Nick Kyrgios fired groundstrokes across the net. He served up rockets. He grew frustrated. He swore. He smiled. He lashed out. He smacked his racket on the court.
This, of course, was all part of Kyrgios’s practice session on Monday.
Two days before Kyrgios lost in the first round of the U.S. Open, I watched the Australian practice with Alex De Minaur, an 18-year-old compatriot of Kyrgios who looks like he could have been Bar Mitzvah’d last week. Kyrgios’s practice sessions might be the most exhilarating show in tennis. Earlier this month, in Montreal, he played Butts Up with his hitting partner, Matt Reid, and agreed to rally with a random fan who asked on Twitter.
He dazzles the crowd with trick shots, routinely eschewing inside-out forehands in favor of forward-facing tweeners. He jokes around with fans, and then he berates himself for making an error. (“Stop eating chocolate, you’re moving like a truck!”) To watch Nick Kyrgios practice is to see the entire spectrum of human emotion. To watch him play a match? It's maddening.
In his opening-round defeat Wednesday, Kyrgios was doomed by two old nemeses: untimely injury and emotional collapse. But Monday’s one-hour session on Court P5 bore striking resemblance to Kyrgios’s deflating four-set loss to John Millman on Armstrong. The 22-year-old showed both flashes of brilliance and the self-destructive tendencies that have thwarted him repeatedly over his career.
Kyrgios started his practice not with an easy warmup, but by pounding groundstrokes. Even in practice, Kyrgios’s explosive forehand is like a heavyweight boxer’s uppercut, and De Minaur’s still-adolescent strokes made for a good punching bag. But what Kyrgios seems to enjoy most about practice is that it gives him free reign to hit trick shots without repercussions. He relishes getting lobbed, both in matches and on the practice court.
When a ball sails over his head, the crowd begins to murmur in anticipation of what’s coming: his signature tweener. Kyrgios bounds toward the baseline, chasing down the ball with a look of intensity utterly lacking in any other aspect of his game. Within the first five minutes of his Monday practice session, Kyrgios had tried two tweeners and one around-the-back forehand. Somehow he makes the rather unnecessary yet undeniably delightful forward-facing tweener look routine, as if it’s something to be deployed regularly, rather than a shot normally reserved for exhibitions.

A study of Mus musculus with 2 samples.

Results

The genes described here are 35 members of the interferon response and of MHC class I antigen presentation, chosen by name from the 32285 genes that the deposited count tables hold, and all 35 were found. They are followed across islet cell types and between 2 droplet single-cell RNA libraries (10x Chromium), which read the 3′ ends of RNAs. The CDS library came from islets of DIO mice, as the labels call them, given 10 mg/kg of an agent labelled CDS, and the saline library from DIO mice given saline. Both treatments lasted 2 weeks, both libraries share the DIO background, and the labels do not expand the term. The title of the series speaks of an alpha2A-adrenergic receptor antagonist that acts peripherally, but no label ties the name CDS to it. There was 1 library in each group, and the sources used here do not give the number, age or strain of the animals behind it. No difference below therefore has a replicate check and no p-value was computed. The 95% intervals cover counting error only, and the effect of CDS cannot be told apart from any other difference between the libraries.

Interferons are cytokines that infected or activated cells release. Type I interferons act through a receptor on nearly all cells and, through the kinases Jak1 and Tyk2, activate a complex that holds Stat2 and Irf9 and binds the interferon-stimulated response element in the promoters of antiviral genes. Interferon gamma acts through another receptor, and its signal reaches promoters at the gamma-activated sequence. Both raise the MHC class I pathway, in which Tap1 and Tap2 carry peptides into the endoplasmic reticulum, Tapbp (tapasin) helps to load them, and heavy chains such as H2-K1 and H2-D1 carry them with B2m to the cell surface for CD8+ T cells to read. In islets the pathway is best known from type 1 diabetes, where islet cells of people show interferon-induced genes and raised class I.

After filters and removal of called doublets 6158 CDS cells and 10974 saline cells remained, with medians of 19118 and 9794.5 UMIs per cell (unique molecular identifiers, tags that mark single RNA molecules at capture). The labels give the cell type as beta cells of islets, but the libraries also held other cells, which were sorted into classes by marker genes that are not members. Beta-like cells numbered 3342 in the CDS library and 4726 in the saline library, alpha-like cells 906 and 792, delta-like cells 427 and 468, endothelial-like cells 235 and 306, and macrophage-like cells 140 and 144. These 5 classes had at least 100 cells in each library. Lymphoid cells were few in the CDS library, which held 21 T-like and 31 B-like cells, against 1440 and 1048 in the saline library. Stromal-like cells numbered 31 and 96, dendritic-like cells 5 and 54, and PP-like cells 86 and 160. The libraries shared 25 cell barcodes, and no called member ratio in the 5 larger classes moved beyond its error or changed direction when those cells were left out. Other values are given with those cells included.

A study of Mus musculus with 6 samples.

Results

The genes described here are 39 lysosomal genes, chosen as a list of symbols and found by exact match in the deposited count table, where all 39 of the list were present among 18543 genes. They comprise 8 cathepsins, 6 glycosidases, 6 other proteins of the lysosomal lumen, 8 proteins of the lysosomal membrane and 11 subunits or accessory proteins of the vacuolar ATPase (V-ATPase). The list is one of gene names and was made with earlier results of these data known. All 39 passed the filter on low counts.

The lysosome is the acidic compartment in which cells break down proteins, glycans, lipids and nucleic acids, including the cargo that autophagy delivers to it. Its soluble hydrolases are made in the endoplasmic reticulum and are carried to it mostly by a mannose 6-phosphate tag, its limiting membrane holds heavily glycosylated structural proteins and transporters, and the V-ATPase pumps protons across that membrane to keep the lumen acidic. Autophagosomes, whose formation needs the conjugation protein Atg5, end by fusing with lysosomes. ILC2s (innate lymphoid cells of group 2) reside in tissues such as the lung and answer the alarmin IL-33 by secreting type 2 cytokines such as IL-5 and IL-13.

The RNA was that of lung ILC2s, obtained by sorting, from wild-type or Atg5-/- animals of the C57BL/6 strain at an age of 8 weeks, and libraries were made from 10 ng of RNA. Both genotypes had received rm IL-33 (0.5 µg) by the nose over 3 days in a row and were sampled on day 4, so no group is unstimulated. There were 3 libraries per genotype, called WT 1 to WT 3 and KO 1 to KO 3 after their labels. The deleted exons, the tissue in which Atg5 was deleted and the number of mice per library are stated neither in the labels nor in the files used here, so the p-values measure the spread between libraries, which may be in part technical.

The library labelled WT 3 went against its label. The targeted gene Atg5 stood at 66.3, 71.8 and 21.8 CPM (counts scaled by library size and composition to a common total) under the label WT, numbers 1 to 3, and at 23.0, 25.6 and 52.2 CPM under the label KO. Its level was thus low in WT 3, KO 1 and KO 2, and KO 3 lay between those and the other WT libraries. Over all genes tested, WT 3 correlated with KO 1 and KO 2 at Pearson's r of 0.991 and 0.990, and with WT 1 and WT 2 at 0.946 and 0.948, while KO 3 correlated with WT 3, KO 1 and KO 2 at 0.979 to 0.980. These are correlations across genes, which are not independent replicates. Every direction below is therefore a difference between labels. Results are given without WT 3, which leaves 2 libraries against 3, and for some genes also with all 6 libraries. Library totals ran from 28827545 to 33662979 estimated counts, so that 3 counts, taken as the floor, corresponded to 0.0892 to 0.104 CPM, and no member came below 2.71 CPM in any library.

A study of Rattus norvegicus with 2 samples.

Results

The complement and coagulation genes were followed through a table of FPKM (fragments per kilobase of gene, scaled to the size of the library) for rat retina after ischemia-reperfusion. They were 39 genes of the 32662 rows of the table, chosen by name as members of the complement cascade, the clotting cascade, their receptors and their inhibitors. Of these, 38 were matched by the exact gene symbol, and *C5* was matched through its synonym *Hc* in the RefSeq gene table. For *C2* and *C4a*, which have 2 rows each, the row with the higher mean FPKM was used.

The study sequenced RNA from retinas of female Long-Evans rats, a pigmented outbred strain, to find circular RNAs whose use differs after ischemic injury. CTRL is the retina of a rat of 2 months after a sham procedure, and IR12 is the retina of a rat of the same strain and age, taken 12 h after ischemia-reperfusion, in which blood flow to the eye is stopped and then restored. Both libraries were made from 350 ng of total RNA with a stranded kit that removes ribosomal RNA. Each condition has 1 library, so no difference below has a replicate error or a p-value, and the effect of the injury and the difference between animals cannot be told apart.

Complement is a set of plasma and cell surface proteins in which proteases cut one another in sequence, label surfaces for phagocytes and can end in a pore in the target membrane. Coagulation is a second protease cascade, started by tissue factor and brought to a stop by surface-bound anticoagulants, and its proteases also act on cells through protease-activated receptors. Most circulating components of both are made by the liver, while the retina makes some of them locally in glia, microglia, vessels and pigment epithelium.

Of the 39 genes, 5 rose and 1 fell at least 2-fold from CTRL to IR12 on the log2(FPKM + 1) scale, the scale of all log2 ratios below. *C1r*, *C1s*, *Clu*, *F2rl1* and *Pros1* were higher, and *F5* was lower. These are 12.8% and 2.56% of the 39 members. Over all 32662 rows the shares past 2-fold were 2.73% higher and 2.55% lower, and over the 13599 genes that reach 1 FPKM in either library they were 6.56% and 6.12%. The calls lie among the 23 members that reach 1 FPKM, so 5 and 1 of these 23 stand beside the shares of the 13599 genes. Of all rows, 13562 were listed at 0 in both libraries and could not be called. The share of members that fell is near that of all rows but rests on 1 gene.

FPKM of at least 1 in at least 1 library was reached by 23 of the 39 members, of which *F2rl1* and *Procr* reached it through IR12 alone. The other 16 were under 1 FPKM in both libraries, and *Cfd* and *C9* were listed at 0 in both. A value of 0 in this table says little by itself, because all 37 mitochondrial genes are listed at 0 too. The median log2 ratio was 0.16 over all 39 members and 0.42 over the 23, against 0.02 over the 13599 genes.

Kyrgios is notorious for his Trumpian mood swings during matches, and the racket smash is his version of the aggrieved tweet. After losing the third set against Millman on Wednesday, Kyrgios destroyed his racket, his shoulder apparently feeling good enough to pound it into the concrete. Perhaps more striking is that Kyrgios can send himself into momentary rage even on the practice court. On Monday, he was carefree at times, smiling after missing a drop shot, joking with Carla Suarez Navarro and inviting a young boy wrapped in an Australian flag to watch from the courtside bench.
But his exasperation grew as his errors mounted and after hitting a forehand wide, he gave his racket a Gronk-esque spike before picking up a ball and smashing it high over the stands above the practice court. (It landed somewhere on Court 6.) A moment later, he was laughing with the boy on the bench.
Kyrgios is so polarizing for a reason: He has incredible, perhaps unparalleled talent, but seemingly no use for it. He could have pinned the blame for his Wednesday defeat solely on his ailing shoulder, but instead he pointed the finger at himself, telling reporters he isn’t devoted to tennis. He also said his quasi-coach, Sebastien Grosjean, deserves better than him. “I keep letting people down,” Kyrgios said quietly. “I don’t know.”
Some fans feel Kyrgios is an affront to the sport. But if he never finds the health or drive to win a major, does it matter? Kyrgios is remarkably fun to watch, and he’s refreshingly candid about his relationship with the game. He genuinely cares about his fellow players and easily relates to fans. He carries the weight of immense expectations on his shoulders, and he’s open about his ambivalence toward the thing everyone else wants for him. To be sure, there are moments when his behavior crosses a line. But there’s no denying his presence makes tennis far more interesting. He could be No. 1 or completely out of tennis in three years—no one would be surprised either way. That's truly compelling.
The truth is that while we might aspire to be Federer, the vast majority of us are more like Kyrgios—eccentric, unpredictable, plagued by self-doubt and yet full of potential. When I watch him, I see imperfection. There’s nothing more exhilarating than that.